What jumped out at me with that "I must explore this further" spark was this:
"She has clients distinguish productive worries (which spark action) from destructive ones (which trigger an endless loop of catastrophic thinking)."
I have a friend who's favorite phrase is "Worry is just an invitation to trouble". He's talking about the destructive type of worry, of course. The endless loop of catastrophic thinking not only distracts you from enjoyment of the present, but can actually be self-fulfilling. People tend to return attitudes, in that they avoid lonely people, are hostile towards angry people, but seek out the company of the happy. Worrying constantly about being alone can invite that situation to continue.
The productive type of worry is something I've never thought about in such terms. I'm used to considering all "worry" to be destructive or stressful, but the worry about my job is motivating me to take classes and/or certifications to make me more employable. It's also motivating me to take on extra tasks at work (like offering computer training to my co-workers) to become more valuable to my current employer and expand my resume.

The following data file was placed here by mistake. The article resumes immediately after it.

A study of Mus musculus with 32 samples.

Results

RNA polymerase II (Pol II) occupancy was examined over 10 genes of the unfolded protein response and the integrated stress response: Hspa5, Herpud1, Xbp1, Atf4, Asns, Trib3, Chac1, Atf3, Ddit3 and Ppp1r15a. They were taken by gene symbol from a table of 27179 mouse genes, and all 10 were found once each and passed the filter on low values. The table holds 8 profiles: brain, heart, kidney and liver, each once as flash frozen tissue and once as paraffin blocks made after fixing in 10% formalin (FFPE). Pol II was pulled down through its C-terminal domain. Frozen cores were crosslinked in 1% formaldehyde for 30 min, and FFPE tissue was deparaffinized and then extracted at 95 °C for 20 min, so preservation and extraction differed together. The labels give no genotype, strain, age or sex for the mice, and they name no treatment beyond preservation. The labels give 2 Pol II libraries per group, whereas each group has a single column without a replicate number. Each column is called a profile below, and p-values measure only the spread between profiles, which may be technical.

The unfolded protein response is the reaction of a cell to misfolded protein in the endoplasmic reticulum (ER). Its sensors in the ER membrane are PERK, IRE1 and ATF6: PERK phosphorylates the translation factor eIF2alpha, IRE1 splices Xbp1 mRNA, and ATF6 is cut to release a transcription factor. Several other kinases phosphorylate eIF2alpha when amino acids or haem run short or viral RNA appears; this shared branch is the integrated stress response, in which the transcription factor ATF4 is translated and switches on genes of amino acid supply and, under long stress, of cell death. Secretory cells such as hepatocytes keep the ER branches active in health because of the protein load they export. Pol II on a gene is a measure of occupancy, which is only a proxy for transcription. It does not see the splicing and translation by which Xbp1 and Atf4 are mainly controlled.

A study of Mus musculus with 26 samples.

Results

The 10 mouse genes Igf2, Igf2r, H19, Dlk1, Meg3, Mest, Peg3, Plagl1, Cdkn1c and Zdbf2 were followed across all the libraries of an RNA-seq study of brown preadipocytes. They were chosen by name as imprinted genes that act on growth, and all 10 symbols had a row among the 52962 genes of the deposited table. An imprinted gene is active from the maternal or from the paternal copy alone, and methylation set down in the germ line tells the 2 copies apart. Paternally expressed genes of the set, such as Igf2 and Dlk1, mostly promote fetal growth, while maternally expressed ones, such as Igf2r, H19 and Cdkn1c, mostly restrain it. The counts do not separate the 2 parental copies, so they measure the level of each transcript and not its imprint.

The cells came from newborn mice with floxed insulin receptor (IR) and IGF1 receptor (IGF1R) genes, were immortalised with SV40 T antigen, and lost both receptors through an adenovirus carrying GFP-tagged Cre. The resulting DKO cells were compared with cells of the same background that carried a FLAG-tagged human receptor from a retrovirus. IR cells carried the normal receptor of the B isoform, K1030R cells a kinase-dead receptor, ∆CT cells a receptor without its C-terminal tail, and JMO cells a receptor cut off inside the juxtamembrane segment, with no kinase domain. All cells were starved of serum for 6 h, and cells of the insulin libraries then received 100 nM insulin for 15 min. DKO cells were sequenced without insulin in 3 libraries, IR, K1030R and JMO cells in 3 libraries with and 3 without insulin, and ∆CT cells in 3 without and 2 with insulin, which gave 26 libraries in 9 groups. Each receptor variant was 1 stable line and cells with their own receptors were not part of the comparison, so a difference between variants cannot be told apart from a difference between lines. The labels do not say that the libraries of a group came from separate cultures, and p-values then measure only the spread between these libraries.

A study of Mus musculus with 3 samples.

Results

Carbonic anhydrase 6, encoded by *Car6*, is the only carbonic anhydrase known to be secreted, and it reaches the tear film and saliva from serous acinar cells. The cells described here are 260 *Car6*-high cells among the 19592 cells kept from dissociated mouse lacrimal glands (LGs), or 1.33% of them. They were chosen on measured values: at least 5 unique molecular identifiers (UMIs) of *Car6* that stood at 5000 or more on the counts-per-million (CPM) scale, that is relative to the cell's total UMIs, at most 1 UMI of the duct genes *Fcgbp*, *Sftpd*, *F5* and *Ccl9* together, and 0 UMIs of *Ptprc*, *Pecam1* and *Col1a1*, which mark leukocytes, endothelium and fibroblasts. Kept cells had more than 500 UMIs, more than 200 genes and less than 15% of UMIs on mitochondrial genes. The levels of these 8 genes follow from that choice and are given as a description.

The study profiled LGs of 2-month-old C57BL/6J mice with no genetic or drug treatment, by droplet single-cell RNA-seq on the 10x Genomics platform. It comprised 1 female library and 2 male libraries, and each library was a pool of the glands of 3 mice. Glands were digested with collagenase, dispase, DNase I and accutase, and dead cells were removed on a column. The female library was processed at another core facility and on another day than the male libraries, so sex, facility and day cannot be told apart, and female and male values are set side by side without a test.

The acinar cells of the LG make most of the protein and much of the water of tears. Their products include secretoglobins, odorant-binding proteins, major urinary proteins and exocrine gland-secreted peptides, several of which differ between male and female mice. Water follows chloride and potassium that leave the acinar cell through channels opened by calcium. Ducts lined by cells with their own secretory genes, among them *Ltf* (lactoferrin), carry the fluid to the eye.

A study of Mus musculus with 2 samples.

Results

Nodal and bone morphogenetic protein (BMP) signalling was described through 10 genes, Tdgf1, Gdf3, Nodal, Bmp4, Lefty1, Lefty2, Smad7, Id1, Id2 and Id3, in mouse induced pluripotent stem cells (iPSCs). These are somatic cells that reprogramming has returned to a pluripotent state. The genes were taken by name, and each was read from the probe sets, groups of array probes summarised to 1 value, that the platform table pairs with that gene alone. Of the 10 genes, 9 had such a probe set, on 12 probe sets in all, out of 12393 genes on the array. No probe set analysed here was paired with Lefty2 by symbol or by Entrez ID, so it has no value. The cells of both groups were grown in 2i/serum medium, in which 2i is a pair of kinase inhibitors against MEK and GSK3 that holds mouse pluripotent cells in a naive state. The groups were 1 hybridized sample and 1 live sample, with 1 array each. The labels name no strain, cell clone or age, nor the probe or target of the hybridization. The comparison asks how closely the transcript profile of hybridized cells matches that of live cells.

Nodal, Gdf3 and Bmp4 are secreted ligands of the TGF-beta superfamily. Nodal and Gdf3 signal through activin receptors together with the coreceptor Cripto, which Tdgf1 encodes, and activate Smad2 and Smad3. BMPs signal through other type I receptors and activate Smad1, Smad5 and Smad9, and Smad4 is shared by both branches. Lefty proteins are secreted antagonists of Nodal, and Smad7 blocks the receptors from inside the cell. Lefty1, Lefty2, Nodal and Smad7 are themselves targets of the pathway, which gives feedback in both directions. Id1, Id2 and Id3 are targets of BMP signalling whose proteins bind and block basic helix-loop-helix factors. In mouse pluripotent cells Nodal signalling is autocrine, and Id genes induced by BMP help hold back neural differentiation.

The problem itself (employment uncertainty) could spark either type of worry, of course. I could spend all my time obsessing over scenarios of bankruptcy and fall into that destructive loop. Wait, I sometimes do that anyway! No worry is entirely one or the other, just as no problem worth worrying over is ever simple.
So, as Pollyanna as it sounds, whether a worry is destructive or constructive really is up to you. It may take work and vigilance to turn a destructive loop into constructive action, but it's possible.